Gurus will have you believe that the reason you’re not accomplishing all your goals is that you’re not motivated enough. As you may guess, this is only half true, and mostly garbage.
The reason why people don’t achieve goals is they don’t know what it takes to achieve them. – Truth Cake
What this means is that for someone that thinks they want to lose weight, they may think that they only have to workout 2x a week and cut back on soda. When they realize it takes feeling starvation pangs, working out 6x a week, giving up beers on the weekend, and so on, they give up.
It’s not that they’re not motivated – it’s that they didn’t know what it REALLY was going to take to achieve the goal to begin with. If they knew precisely what it would take to lose weight and already knew the pain of it and what they’d have to sacrifice, start down the path, and THEN give up, then that’s a motivation problem.
The real problem is simply not having a REALISTIC plan that details all the sacrifices (and/or pain) that must be endured.
Why do I use the word “pain?” Because every goal requires pain or sacrifice, otherwise you would already be doing / having it. If a goal has neither of those apparent to you, then you’re not seeing the real plan laid out. You inherently have to give up something to have something else. You may be giving up an abusive spouse to have a better relationship, which may be easy and painless to give that up, but it’s still a sacrifice of some sort.
Gurus will tell you to try to get you to write out your ultimate end goal, which is terrible advice on its own. Most don’t get you to write out the process of achieving those goals. If the process doesn’t look favorable, you may not want the goal. Want to be a huge bodybuilder and that’s the goal? The process is gobs of steroids and potentially dying younger. Is that acceptable to you? Want to make a million dollars in 1 month? The process will likely be filled with enormous risk / stress, and/or bending your ethics. Is that acceptable?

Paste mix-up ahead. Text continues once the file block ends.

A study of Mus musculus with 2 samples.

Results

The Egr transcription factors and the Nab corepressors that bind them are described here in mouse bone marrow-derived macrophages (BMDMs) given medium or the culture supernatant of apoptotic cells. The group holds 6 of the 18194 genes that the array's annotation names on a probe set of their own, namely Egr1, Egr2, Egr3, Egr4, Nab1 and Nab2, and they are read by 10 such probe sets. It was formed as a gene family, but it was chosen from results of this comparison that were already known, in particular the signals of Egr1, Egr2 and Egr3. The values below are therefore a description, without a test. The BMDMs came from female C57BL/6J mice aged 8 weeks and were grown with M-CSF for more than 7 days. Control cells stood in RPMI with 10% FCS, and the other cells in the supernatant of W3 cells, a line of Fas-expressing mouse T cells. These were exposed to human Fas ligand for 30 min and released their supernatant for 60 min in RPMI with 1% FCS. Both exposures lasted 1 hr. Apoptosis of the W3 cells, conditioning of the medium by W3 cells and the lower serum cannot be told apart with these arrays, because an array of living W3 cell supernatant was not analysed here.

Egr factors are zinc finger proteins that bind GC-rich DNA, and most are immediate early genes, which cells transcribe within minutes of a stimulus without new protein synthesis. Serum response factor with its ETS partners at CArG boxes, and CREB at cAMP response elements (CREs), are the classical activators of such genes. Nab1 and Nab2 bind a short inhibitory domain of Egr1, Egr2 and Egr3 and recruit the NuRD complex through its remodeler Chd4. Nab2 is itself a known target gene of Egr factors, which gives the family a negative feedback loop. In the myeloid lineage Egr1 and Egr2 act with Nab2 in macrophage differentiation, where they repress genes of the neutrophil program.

A goal is just a pipe dream until you know the path to achieve it, and that path is typically only legitimate when you can see the sacrifice / work / pain that’s involved. If there’s none of that, it’s likely an erroneous path (ie. magic diet pills that don’t sacrifice your long term health, etc).
Pick your goal, find the legitimate plan to get there, determine what you’re willing to sacrifice, and THEN decide whether to do it or to amend your goal. – Truth Cake
What’s a goal you set for yourself that you abandoned, NOT because you weren’t “motivated,” but simply because you didn’t know what was TRULY required to achieve that goal?